Cast your mind back thirty years When the debut album came out. It’s the late ’80s Bon Jovi and their ilk ruled the airwaves so maybe the time was right for Portlands premier Funk Rock radio-friendly rockers Dan Reed Network to walk right through that open door.  With a suitably big production and tours with the likes of Bon Jovi Dan Reed Network were the perfect blend of musicianship and showmanship and offered something different to the AOR radio-friendly market we can debate all night and day with regards to their best record be it that ground-breaking debut or the awesome follow up ‘Slam’  both lovingly remastered at Abbey Road by Mike Showell.

Quite why its taken thirty years to remaster the first two albums is a mystery but with no bonus material, it’s a bit of a head-scratcher for sure but brings back some lovely memories of hearing the perfect blend of pop, rock and funk.  Maybe the intention of reissuing these first two is simply because they can and that’s it or the chance of having them  Remastered at Abbey Road and released on CD and Vinyl as well as streaming and downloads. Perhaps the intention was to bring the funk to a new generation and the time is right for a resurgence in Radio Friendly Funk Rock thirty years after its birth.   Sure there is a tour on the horizon but going from analogue to digital my hearing can’t really tell the difference (audio dudes don’t hate on me) sonically speaking I guess it depends on what you’re playing these back on in 2019. But, these albums haven’t aged badly at all.  I’ll admit I’ve not played these for quite a few years so I was really pleased how good they sounded in 2019regardless of it being stream or the CD.

The radio-friendly funk meets pop meets rock was always a niche market and nothing has changed with those keyboard stabs of the debut albums ‘Get To You’ mixed with the funky chic bass guitar work still sounds fresh and innovative much like a lot of the production tricks used when making this record. So I guess Abbey Road is the place to give Big sounding records like these two a new lease of life.  The perfect example of this would be ‘Forgot To Make Her Mine’ with those slaps and lush keyboard fills still sound huge.  Let’s not forget having Nile Rodgers produce your record and take you under his wing is still a big deal and on merit, the band did that huge New Jersey tour with Jon Bon Jovi and the boys which then lead to hitting the road with none other than the Rolling Stones.  Why not pick up the albums and pop along to one of the tour dates this December and recapture the magic of ‘Ritual’.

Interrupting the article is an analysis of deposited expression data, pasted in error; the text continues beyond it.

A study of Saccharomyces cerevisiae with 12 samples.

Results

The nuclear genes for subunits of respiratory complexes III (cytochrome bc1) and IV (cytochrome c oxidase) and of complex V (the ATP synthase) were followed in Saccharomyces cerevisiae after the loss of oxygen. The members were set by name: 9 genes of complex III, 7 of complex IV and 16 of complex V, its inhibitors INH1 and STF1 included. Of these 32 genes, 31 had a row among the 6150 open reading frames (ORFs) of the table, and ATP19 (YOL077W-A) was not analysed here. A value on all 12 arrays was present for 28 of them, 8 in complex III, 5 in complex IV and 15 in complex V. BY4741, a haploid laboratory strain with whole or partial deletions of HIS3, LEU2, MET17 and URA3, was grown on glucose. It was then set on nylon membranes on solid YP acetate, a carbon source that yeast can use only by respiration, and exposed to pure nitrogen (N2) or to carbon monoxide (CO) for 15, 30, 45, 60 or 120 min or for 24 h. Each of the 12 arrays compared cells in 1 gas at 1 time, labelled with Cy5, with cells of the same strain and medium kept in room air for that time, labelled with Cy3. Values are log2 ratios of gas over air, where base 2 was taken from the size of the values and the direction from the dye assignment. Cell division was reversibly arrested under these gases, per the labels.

Of the two albums ‘Slam’ is a masterpiece, sure the debut self-titled record paved the way buy they perfected the songwriting side on ‘Slam’ from the Bon Jovi stylings of the opening track ‘Make It Easy’ the band were really rocking it on this sophomore record.  ‘Rainbow Child’ is as good as AOR got with hints of Prince thrown into the mix Dan Reed could cross many genres and did and this was the proof.  The band had also got much better at writing from the hard groove of ‘Under My Skin’ to the big ballad of ‘Lover’ via the epic ‘Stronger Than Steel’. ‘Slam’ had it all and it’s great to be reacquainted. Now, where are my fingerless gloves and waistcoat I’m heading down the front.